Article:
Anti-Covid treatments being given to Trump are still unproven, say experts


Scientists still lack conclusive proof that the two anti-Covid drugs given to Donald Trump are clinically effective.

UK researchers point out that both medicines – remdesivir and REGN-COV2 – have still to complete the large-scale, randomised trials needed to demonstrate fully their ability to counter Covid-19 in patients. And many have criticised US authorities for their failures to carry out such trials. This has undermined efforts to find effective medicines to treat people affected by the disease.

“If President Trump gets better, we will still not know if those drugs played a role in his recovery or not. They may have been critically important or played no part at all,” said Professor Martin Landray of Oxford University. “That means when we come to treat the next patient hospitalised with Covid, we will still be none the wiser about the usefulness of those drugs.”

By contrast, Britain has adopted a policy of running blind, randomised trials to test drug efficacy through the Recovery testing programme – founded by Landray and Peter Horby, also of Oxford University. It compares responses of patients who get a treatment with those who are given a placebo. In this way, British scientists pinpointed the effectiveness of dexamethasone, a cheap steroid, in treating Covid while they demonstrated the uselessness of the much-touted drug hydroxychloroquine.

Last week, Recovery researchers launched their trials to test the effectiveness of REGN-COV2 when the first five patients, hospitalised with Covid complications, were given the drug. REGN-COV2 is a combination of two artificial antibodies, called monoclonal antibodies, and over the next few weeks, thousands more UK patients will be recruited in a trial of its effectiveness.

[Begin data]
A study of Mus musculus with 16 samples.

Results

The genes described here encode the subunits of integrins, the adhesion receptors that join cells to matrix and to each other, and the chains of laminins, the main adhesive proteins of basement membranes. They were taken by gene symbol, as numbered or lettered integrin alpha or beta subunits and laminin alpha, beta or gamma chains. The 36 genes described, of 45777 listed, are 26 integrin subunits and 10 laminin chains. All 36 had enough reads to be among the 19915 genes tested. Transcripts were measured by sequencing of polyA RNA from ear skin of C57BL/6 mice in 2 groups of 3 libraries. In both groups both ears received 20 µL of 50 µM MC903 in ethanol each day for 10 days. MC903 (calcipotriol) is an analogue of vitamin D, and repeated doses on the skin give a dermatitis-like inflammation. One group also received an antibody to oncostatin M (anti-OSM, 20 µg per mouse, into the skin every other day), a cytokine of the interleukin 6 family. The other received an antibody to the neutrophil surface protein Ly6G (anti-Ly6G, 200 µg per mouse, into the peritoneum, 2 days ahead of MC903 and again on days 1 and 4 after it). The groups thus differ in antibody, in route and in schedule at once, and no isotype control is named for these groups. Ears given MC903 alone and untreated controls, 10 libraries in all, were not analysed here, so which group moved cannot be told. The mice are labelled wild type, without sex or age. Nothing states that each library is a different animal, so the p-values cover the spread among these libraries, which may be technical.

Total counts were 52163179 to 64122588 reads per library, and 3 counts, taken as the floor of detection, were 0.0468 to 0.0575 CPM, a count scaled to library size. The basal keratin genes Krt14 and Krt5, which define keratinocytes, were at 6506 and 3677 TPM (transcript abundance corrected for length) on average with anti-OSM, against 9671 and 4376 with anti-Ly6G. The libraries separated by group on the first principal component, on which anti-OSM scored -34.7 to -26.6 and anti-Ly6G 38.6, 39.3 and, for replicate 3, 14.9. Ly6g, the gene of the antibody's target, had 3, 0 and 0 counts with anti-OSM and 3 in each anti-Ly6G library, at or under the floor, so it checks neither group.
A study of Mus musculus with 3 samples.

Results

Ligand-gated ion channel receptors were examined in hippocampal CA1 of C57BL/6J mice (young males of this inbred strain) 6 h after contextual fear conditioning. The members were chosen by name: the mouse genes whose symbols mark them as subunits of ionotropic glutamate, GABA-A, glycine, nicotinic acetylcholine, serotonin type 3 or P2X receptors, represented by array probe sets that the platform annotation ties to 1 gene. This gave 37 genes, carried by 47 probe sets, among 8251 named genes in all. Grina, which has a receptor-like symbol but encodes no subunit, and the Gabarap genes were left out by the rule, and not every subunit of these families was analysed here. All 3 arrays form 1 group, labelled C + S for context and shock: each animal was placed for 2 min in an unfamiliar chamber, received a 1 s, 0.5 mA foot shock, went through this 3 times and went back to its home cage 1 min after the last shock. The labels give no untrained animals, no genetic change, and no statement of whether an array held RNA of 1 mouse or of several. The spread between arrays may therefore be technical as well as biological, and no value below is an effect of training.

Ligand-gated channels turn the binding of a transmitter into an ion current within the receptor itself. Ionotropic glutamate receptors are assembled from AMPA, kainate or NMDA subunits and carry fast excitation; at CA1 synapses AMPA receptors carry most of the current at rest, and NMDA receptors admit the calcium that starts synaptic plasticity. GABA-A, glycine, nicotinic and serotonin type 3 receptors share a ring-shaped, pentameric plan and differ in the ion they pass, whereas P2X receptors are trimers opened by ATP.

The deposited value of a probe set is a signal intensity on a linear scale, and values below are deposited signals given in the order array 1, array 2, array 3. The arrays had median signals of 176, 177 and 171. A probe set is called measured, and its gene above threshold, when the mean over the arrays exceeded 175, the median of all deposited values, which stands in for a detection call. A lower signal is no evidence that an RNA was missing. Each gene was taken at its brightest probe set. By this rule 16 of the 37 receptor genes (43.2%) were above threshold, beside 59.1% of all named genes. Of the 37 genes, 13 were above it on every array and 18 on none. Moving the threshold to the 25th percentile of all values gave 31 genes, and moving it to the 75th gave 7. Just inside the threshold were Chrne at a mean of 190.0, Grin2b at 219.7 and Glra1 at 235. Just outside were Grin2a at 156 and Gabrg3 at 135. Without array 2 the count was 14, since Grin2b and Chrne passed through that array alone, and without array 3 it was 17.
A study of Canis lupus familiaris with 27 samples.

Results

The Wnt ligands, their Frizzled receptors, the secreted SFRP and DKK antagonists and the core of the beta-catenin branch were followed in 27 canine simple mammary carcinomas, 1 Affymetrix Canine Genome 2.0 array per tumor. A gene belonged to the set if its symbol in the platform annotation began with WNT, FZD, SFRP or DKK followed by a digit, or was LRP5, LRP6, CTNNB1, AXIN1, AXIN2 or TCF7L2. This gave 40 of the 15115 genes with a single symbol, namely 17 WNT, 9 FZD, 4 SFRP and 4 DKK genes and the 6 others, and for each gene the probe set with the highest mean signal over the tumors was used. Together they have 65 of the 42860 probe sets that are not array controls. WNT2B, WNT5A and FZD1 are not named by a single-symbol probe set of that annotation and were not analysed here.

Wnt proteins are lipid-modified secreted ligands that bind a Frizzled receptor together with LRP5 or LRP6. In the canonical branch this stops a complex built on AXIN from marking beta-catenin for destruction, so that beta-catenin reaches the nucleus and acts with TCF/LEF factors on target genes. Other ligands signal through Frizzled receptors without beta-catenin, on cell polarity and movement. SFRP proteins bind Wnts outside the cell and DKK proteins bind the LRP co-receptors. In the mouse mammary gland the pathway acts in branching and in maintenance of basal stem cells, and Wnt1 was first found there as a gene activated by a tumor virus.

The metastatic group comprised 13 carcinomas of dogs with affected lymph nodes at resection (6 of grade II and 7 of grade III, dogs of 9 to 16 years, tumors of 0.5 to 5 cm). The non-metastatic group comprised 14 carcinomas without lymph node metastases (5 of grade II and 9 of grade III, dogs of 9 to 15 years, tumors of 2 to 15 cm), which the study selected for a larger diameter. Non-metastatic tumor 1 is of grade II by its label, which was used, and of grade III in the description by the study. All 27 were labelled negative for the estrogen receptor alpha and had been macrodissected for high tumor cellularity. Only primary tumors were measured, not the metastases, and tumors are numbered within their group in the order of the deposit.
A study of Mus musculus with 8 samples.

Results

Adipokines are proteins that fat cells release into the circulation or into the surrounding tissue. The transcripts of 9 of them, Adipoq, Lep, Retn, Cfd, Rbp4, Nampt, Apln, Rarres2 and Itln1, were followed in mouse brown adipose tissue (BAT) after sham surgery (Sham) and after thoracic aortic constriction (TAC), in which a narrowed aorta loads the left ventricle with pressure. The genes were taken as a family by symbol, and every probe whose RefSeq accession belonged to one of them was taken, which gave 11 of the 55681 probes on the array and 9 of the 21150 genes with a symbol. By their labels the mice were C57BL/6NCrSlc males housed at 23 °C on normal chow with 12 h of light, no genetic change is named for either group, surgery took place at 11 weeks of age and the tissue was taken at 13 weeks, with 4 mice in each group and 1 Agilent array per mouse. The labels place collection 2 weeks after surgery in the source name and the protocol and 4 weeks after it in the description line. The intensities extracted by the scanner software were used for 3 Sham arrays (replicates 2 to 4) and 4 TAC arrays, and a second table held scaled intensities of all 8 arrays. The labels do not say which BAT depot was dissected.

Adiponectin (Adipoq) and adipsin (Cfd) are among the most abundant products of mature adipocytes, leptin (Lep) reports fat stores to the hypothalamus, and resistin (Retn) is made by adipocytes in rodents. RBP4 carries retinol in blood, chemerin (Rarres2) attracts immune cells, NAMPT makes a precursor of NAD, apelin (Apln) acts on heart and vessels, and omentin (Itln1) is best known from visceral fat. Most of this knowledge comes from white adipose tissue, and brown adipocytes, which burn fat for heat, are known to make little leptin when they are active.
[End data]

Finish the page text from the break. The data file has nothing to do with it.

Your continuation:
Trials of the other drug given to Trump, remdesivir, have also produced encouraging results, although again they are not conclusive. One trial in China earlier this year had to be stopped because it could not recruit enough patients, while a later, larger trial in the US showed that those given the drug spent less time on ventilators and that those given the drug had slightly better survival rates than those given placebos. However, the difference was not statistically significant.

“Remdesivir seems to speed up the time of patients’ recovery, but do more patients actually survive? We don’t know,” added Landray. The answer to that question is now likely to be supplied by a World Health Organization trial of remdesivir, expected to be completed in a few weeks.

The UK Recovery programme is now carrying out randomised trials of several other potential Covid treatments, including the antibiotic azithromycin and an anti-inflammatory drug known as Tocilizumab – as well as “convalescent plasma” derived from blood plasma taken from recovering Covid patients. Results from these are expected over the next few weeks.